COURTENAY, B.C. – Courtenay is still a safe place to live.

This is what Mayor Bob Wells is saying after a recent RCMP gang enforcement crackdown in the city.

Over a four-day period in Courtenay, officers seized drugs, cellphones, a machete, knives, three replica guns, a smoke grenade, and one rifle.

READ MORE: Courtenay shootings lead to RCMP gang crackdown


“We really want to hammer home that we’re taking this very seriously, and to reassure the public, we’re going to keep the pressure on and let these folks know these violent acts just aren’t going to be tolerated in the community.”

After two shootings just a day apart, members of the Combined Forces Special Enforcement Unit of B.C.’s Uniform Gang Enforcement Team were deployed in the valley.

The UGET members checked numerous cars and people, almost all of them with associations to the street-level drug trade.

In the wake of the sweep, Wells stressed that Courtenay doesn’t have a gang problem.

“When I met with RCMP last week, one, it is called the Uniform Gang Enforcement Team but that’s their designation for the Lower Mainland where they have significant gang activities,” Wells said.

“But the RCMP made it pretty clear that locally, they don’t see it as the same level of criminal organized crime. However, they were brought in specifically to make sure that pressure (was) there so it didn’t give room for that organized crime element to move into the valley.”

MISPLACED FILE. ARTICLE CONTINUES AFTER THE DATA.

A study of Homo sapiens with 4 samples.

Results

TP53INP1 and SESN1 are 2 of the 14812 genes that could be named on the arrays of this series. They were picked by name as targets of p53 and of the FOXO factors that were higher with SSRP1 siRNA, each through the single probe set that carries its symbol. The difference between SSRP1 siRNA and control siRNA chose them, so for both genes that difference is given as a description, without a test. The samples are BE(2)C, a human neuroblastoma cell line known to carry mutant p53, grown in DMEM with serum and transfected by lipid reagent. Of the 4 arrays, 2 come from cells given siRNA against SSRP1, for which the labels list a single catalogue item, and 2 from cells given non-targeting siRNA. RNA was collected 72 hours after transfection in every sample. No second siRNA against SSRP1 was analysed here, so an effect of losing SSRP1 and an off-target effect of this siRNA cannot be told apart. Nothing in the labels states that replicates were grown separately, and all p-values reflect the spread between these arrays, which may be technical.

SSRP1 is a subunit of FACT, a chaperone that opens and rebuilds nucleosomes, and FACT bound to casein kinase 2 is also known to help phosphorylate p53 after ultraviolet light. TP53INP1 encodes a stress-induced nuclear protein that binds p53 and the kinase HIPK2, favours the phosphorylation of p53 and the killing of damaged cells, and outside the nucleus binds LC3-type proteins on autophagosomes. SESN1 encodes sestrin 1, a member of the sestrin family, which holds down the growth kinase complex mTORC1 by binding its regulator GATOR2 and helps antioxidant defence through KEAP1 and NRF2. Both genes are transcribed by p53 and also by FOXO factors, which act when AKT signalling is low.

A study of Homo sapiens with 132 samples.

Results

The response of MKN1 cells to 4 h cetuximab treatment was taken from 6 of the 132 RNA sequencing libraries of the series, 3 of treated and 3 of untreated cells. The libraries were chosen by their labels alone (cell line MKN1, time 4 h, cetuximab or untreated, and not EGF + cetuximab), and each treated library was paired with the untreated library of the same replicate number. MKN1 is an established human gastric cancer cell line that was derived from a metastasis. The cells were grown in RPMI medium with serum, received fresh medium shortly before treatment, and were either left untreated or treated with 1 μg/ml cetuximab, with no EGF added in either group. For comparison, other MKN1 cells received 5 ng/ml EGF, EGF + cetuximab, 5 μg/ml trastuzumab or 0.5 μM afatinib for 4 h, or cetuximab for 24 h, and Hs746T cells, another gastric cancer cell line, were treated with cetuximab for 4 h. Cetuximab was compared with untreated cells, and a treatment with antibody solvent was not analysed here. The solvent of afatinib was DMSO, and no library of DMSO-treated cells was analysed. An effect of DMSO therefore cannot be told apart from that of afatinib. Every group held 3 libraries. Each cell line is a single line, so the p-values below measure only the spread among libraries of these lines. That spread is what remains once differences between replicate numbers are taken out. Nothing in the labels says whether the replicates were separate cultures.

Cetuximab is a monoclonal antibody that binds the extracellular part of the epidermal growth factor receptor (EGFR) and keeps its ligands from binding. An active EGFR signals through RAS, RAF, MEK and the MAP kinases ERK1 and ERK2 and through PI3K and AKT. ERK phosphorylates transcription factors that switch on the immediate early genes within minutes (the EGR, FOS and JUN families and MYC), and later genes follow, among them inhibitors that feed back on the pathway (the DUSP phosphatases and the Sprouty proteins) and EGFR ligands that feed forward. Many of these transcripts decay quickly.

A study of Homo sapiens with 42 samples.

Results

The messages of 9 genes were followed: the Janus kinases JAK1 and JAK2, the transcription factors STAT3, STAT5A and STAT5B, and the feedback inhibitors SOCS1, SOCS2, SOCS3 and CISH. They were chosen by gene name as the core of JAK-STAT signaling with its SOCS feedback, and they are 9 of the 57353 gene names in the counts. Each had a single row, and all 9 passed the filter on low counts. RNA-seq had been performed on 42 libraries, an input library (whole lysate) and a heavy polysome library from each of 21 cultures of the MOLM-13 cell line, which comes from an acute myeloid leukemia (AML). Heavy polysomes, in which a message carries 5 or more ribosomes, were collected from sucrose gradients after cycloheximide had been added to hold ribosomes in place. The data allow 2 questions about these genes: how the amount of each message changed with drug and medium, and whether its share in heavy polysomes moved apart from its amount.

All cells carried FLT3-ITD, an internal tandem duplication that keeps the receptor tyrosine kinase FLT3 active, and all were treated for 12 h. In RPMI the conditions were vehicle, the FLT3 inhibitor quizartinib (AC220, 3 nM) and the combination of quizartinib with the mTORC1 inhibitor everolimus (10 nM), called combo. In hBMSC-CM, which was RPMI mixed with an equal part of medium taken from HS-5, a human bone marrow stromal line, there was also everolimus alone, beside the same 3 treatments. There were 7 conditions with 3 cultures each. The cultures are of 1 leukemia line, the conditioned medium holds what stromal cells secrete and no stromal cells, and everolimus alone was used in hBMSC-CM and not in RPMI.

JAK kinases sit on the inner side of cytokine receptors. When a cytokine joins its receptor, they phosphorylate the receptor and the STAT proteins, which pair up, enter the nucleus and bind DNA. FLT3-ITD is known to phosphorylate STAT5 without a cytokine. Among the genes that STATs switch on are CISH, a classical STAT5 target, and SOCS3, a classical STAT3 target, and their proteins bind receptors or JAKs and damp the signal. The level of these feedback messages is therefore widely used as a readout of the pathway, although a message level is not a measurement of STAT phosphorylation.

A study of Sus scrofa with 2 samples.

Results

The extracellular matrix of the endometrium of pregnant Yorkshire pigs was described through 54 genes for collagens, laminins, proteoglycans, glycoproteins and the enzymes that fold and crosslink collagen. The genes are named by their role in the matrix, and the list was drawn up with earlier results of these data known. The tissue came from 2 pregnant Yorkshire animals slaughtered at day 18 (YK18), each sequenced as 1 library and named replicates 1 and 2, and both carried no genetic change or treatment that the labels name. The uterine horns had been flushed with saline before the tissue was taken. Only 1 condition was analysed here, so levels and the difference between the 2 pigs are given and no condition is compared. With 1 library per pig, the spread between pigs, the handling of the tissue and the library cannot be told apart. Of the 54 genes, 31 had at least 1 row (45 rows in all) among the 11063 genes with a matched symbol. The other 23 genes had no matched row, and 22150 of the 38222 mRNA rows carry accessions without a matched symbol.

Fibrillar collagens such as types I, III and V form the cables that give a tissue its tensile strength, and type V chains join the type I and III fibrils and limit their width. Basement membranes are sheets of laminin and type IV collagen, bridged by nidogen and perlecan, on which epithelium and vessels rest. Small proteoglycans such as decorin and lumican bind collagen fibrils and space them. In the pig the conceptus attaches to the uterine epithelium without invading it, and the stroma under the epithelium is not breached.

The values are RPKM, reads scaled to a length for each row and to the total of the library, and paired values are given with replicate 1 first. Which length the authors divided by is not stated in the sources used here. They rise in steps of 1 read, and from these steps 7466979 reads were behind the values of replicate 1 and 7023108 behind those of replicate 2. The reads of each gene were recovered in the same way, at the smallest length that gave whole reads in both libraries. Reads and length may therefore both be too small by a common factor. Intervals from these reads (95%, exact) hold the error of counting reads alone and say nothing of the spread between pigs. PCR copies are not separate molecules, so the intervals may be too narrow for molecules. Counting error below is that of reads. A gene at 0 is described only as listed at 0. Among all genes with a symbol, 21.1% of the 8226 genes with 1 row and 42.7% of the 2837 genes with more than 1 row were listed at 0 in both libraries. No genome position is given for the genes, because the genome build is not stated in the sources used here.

Wells said organized crime in the city has been “targeted within their own criminal community,” adding that the public has nothing to fear.

That said, Wells is asking residents to report any suspicious activity to the RCMP.

He added that the city will be working with the RCMP and if needed, the team will return to the valley at random periods, to make sure the criminal element knows that they are not welcome in the community.

Wells also believes the shootings were isolated incidents.

“I’ve lived here for almost two decades and it’s not something that happened on any kind of frequency, and it sort of came out of the blue,” Wells said.

“And that’s not to say that there are times in our past when there has been that criminal element and crime that has been very public. I’m talking decades ago, but when we talk about our modern community that we have right now, I think this was an isolated incident, however, it was certainly a great impetus for the RCMP to call in this task force, make sure that those folks know that that type of behaviour will not be tolerated.”